An earnings miss by Amazon that hit US technology stocks overnight rippled through other markets on Friday, with Asian stocks retreating from recent highs and European tech shares opening sharply lower.
Amazon's stock tumbled over 2 percent on Thursday after it reported a slump in profits, as its rapid and costly expansion into new shopping categories and countries showed no sign of slowing.
"It has been a pretty good season for earnings and this is the first big company that has sown a few doubts on that, and it also raises question on where the broader tech sector is headed from here," said Investec economist Victoria Clarke.
Amazon has been one of the companies powering the sector this year, with a 40 percent rise up until Thursday.
Though other US sectors were resilient, Wall Street's "fear index", the VIX, rose sharply on Thursday from a record low of 8.84 percent to an intra-day high of 11.5 percent.
Amazon is one of the so-called "FANG" group of the most influential tech stocks - the A between Facebook and Netflix with Google at the end - hence the broad impact of its setback, which hit Asian shares as well knocking the US tech sector off recent highs.
MSCI's broadest index of Asia-Pacific shares outside Japan fell 0.8 percent, with Samsung Electronics , Asia's largest company by market capitalisation, dropping 3.5 percent.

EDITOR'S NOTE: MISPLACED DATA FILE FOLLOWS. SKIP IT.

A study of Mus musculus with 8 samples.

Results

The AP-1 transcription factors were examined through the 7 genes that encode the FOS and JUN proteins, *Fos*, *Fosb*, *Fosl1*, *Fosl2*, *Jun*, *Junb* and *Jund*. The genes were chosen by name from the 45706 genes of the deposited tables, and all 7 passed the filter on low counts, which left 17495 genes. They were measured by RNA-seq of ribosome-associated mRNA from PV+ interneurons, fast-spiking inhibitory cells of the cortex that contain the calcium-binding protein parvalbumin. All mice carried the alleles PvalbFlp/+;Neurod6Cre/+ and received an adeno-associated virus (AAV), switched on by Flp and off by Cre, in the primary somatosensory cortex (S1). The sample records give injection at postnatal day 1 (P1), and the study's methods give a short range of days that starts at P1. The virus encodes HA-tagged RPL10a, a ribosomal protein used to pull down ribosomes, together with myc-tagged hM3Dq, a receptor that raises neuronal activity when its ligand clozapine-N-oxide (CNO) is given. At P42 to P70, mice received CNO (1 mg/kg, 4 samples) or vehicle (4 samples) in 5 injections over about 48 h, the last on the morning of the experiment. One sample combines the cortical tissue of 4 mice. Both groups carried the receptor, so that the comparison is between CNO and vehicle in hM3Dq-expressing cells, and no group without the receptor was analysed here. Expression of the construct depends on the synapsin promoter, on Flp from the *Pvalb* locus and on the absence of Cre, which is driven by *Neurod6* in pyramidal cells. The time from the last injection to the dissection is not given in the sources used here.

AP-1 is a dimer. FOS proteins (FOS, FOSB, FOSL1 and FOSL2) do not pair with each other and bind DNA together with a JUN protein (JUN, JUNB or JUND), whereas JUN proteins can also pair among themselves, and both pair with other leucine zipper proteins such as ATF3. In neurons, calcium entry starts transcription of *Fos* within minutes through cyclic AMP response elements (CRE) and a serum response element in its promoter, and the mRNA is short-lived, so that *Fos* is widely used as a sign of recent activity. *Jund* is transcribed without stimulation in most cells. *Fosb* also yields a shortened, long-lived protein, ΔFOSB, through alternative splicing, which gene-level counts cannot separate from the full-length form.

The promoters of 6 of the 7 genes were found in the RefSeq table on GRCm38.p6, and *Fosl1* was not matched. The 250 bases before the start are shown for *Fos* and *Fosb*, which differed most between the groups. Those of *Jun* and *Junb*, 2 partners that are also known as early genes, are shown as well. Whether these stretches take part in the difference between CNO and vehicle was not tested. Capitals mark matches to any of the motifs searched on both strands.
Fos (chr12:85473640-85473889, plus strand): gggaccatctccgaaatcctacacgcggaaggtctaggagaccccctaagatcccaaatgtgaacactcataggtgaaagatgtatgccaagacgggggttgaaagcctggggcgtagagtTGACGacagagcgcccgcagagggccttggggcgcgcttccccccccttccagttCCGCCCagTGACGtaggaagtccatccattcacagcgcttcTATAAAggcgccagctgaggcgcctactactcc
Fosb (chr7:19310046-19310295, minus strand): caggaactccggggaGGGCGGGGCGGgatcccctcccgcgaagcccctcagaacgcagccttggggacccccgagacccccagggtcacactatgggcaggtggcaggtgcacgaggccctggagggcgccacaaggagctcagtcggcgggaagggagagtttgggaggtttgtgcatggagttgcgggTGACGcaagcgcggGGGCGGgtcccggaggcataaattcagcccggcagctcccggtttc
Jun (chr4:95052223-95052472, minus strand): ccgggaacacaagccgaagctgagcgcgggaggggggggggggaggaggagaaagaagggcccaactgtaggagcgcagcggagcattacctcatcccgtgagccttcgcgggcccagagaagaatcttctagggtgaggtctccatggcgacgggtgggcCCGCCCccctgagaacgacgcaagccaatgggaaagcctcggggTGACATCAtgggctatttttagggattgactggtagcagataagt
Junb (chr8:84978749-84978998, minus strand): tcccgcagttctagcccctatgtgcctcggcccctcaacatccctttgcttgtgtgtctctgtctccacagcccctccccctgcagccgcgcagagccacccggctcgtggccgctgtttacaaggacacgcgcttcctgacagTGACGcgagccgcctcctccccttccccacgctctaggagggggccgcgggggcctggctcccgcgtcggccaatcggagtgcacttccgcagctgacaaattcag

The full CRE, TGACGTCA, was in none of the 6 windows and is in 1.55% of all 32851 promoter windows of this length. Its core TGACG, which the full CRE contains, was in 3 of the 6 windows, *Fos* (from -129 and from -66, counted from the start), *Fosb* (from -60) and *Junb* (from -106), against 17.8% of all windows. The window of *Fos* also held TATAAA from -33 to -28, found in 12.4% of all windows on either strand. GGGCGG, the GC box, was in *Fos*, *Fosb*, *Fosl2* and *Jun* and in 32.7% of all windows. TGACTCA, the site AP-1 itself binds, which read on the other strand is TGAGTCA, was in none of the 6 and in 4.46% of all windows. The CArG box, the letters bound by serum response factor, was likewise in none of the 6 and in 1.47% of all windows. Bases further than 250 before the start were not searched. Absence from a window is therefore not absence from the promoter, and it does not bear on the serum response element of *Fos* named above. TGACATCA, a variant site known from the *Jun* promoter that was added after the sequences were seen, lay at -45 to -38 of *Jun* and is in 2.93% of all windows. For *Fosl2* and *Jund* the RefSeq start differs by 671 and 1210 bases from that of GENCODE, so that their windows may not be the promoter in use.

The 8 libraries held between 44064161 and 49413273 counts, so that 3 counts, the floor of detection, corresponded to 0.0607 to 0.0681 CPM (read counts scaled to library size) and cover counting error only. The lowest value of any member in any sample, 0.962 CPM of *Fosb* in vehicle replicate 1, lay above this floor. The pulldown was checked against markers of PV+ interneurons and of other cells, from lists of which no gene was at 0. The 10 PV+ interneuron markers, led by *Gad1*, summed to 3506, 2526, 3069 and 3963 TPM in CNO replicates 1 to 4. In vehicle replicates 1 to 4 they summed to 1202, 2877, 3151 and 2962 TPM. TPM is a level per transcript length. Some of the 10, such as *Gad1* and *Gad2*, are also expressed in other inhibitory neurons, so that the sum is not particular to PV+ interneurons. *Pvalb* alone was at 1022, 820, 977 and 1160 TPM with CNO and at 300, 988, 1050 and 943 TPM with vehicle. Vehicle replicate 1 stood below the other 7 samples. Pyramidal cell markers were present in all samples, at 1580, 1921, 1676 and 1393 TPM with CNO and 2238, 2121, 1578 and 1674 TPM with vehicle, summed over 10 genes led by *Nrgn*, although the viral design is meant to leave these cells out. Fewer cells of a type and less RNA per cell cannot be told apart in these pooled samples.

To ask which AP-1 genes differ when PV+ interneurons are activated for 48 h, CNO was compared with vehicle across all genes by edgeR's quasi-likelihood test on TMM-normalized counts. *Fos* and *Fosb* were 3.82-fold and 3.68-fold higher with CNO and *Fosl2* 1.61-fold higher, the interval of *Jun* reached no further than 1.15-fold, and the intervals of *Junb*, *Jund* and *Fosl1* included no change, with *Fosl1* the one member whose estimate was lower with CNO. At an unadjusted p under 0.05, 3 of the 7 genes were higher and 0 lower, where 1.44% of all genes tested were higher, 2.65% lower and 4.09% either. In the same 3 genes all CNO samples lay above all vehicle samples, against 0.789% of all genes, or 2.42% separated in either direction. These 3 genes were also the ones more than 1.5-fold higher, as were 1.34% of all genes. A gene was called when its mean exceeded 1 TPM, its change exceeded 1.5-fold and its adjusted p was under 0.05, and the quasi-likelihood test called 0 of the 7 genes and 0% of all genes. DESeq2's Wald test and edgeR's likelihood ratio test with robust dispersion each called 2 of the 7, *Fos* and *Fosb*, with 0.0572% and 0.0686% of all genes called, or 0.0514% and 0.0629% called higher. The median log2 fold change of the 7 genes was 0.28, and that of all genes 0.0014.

Europe's tech index fell 1.6 percent on Friday and was among the region's worst-performing sectors.
"While Amazon's results may only be responsible for some short term negativity, with the tech sector as a whole still enjoying a remarkable year, the failure in the Senate could pose further problems," said OANDA analyst Craig Erlam.
US Senate Republicans failed early on Friday to overturn the healthcare law known as Obamacare, in a stinging blow to President Donald Trump that may end the Republican Party's seven-year quest to repeal the Affordable Care Act.
The dollar dipped against its major peers on Friday, though second quarter US economic growth data due later could potentially give it some respite from the recent sell-off.
Economists expect the world's largest economy to have grown about 2.6 percent in the second quarter, from 1.4 percent in the first quarter.
The Swiss franc was one of the biggest movers in the currency market and is on track to post its biggest monthly fall against the euro for six years.
The franc has been falling as investors bet the Swiss National Bank will keep monetary policy loose as other central banks move towards tightening.
Oil prices hit a two-month high on Friday after key OPEC members pledged to reduce exports and the US government reported a sharp decline in crude inventories.
Brent crude futures was at US$51.73 per barrel after pushing higher on Friday in European trading.